I know, right? Kind of a weird Controversy Wednesday topic. But oh, just wait till you see what I’m gonna share.
Jake recently told me about a piece he’d heard on NPR about a woman who decided to try parenting her children like Chinese parents do. I won’t go into detail – you’ll have to hear it for yourself – but it involves punishing a three-year-old child for not practicing piano by telling her to stand outside in the cold.
Her name is Amy Chua, and she has written a book about being a Chinese parent entitled Battle Hymn of the Tiger Mother. If, by chance, you haven’t caught wind of this crazy book or its crazy author, you might consider crawling out from under that rock because it is H-U-G-E right now. In essence, Chua purports that by prohibiting her children from enjoying their childhood, she has been able to mold them into genius, virtuoso zombies with a bright future and no soul. Yeah, that’s my interpretation.
Interestingly, there is one point on which I agree with Ms. Chua. In her book she discusses the importance of forcing a child to push through their desire to quit playing a musical instrument.
What Chinese parents understand is that nothing is fun until you’re good at it. To get good at anything you have to work, and children on their own never want to work, which is why it is crucial to override their preferences. This often requires fortitude on the part of the parents because the child will resist; things are always hardest at the beginning, which is where Western parents tend to give up. But if done properly, the Chinese strategy produces a virtuous circle. Tenacious practice, practice, practice is crucial for excellence; rote repetition is underrated in America. Once a child starts to excel at something—whether it’s math, piano, pitching or ballet—he or she gets praise, admiration and satisfaction. This builds confidence and makes the once not-fun activity fun. This in turn makes it easier for the parent to get the child to work even more.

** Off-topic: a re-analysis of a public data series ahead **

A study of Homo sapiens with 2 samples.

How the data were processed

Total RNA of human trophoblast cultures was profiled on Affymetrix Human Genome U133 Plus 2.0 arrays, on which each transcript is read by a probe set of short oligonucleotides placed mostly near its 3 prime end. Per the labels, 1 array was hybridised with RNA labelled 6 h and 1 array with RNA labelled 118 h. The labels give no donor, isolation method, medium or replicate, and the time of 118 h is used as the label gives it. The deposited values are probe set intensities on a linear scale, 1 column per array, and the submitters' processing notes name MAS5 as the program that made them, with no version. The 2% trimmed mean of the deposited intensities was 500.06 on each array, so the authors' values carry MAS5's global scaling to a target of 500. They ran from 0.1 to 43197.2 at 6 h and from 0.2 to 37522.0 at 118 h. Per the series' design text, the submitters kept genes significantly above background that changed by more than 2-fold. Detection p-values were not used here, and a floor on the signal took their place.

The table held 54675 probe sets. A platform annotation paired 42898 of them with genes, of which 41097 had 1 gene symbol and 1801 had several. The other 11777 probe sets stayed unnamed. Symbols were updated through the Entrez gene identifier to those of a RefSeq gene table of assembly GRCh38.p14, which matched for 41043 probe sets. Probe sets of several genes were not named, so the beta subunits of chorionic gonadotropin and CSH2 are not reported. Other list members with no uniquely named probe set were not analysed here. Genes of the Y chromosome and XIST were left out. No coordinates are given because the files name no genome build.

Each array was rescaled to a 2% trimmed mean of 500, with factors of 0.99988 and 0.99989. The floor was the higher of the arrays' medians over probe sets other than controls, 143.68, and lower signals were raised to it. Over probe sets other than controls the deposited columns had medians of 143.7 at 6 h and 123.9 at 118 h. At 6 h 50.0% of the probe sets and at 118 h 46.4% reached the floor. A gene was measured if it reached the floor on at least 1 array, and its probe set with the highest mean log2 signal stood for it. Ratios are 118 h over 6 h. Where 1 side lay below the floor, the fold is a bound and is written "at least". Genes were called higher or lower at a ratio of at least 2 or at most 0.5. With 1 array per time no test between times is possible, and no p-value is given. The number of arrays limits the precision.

Like it or not, this woman has nailed it on the head. In teaching piano for more than half of my life and working as the education director for a symphony orchestra, I’ve seen so many parents who just want their children to “try” an instrument to see if they’ll like it. But it is a law of the universe that people – whether children or adults – don’t enjoy doing things at which they’re not yet very good. The kid picks up a violin the first time and gets excited because it’s shiny and red and new and expects it to sound as good as it looks. But then it doesn’t. BECAUSE THE KID DOESN’T KNOW HOW TO PLAY. And then they don’t want to do it anymore because practice is hard and the teacher is creepy and old and has bad breath. The parent battles with the child for a few months – maybe even a few years – until they finally give up, assuming that little Joey or Jenny just wasn’t cut out for the violin.
On this, I agree with Ms. Chua, though perhaps not for the same reasons. I have no expectation that Seabass will play an instrument in Carnegie Hall (Ms. Chua’s daughter ended up playing that prestigious house, by the by), but I do expect him to have a lifelong love of music. And I know that the best way to get him to enjoy playing music is to get him good enough to like what he hears. And that, my friends, requires practice.
Wait, don’t shoot! Other than that, me and the Tiger Mother have very little – scratch that, NOTHING – in common.
Enough outta me. What do you think? Do you agree with any part of Amy Chua’s “Chinese” approach to parenting?